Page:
Musings: Financial Freedom

Today’s topic is: “What does financial freedom look like to you?”

Credit cards, student loans, car loans, mortgages, medical bills… These days, getting into debt is so easy, it’s nearly impossible to avoid. In fact, according to a Pew study conducted last summer, 80% of Americans carry the burden of debt on their shoulders.

“8 in 10 Americans have debt, with mortgages the most common liability. Although younger generations of Americans are the most likely to have debt (89 percent of Gen Xers and 86 percent of millennials do), older generations are increasingly carrying debt into retirement. 80% of baby boomers and more than half (56 percent) of retired members of the silent generation hold some form of debt.”

My husband and I are members of the lucky 11% of Gen Xers. One of the advantages of our sorta-late-in-life marriage was that we both had a chance to become financially stable before we started a family.

My husband has been working hard and living on his own since he was 16. At 18, he and a buddy bought a mobile home in a trailer court, for $25 each. By the time he was 23, he had scrounged together enough for a down-payment on this 20-acre hobby farm, which included an 1873 farmhouse, several outbuildings, and a new (1974) machine shed. He didn’t like the feeling of carrying debt, so he paid off the property in just 6 years. Over the years, he has owned new pick-up trucks, tractors, motorcycles, old muscle cars, and renovated a handful of real estate properties, but he has never lived beyond his means.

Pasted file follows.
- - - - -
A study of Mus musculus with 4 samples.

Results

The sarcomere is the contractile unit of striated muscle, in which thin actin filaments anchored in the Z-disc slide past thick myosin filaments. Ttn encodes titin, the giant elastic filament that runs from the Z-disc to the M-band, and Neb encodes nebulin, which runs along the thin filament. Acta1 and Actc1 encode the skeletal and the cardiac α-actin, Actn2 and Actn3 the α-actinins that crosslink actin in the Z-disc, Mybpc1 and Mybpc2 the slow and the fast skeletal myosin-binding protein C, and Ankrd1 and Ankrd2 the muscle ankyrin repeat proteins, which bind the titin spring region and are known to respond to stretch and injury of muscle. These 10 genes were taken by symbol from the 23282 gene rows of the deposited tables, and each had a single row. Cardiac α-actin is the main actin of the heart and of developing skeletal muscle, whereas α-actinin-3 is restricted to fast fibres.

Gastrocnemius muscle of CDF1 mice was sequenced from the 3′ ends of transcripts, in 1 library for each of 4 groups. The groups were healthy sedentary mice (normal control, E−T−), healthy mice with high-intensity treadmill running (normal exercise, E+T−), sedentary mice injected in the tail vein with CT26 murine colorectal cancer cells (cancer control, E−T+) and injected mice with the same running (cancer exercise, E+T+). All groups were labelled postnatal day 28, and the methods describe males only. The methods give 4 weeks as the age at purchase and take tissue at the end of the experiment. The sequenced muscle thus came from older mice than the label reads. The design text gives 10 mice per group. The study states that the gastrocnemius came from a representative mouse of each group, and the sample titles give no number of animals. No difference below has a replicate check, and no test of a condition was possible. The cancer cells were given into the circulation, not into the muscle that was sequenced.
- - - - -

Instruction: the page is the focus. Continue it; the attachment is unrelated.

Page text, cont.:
My path to financial stability had a few more bumps. I was fortunate to have graduated from college in 1999 without debt (thanks to my very generous parents). But my first (and only) year of grad school earned me a $55,000 loan. I found a job and “lived like a student” (i.e. eating lots of Ramen noodles) in order to pay off the high-interest student loans by 2003. Over the next five years, I worked my way into higher paying corporate jobs and stayed long enough to start a retirement account and save up enough for a down-payment on a house. Yay me! But, in 2009, at what I thought was the bottom of the housing market collapse, I bought a house in a coastal suburb of Boston that came with a $215,000 mortgage. (Ouch.) That wouldn’t have been a bad investment per se, except by 2010, I had decided that I wanted to leave the corporate world and move to the country to start a family. So in 2011, I sold my house (at a loss, covered by a portion of my savings) and moved to Minnesota.

Today, we are an active family of four and I’m sure our expenses will continue to grow as the girls do. But we are still very careful about how we spend money. My husband and I both like the feeling of being debt-free more than we like owning a new car or taking an elaborate vacation. And while we’ll always wish there was more money in our retirement funds and our children’s 529 accounts, I pause every day to appreciate how fortunate we really are.

 

Please share your thoughts on financial freedom in the comments.

~ Phoebe DeCook

(P.S. If you missed my introduction to these daily “Musings”, you can read from the beginning here.)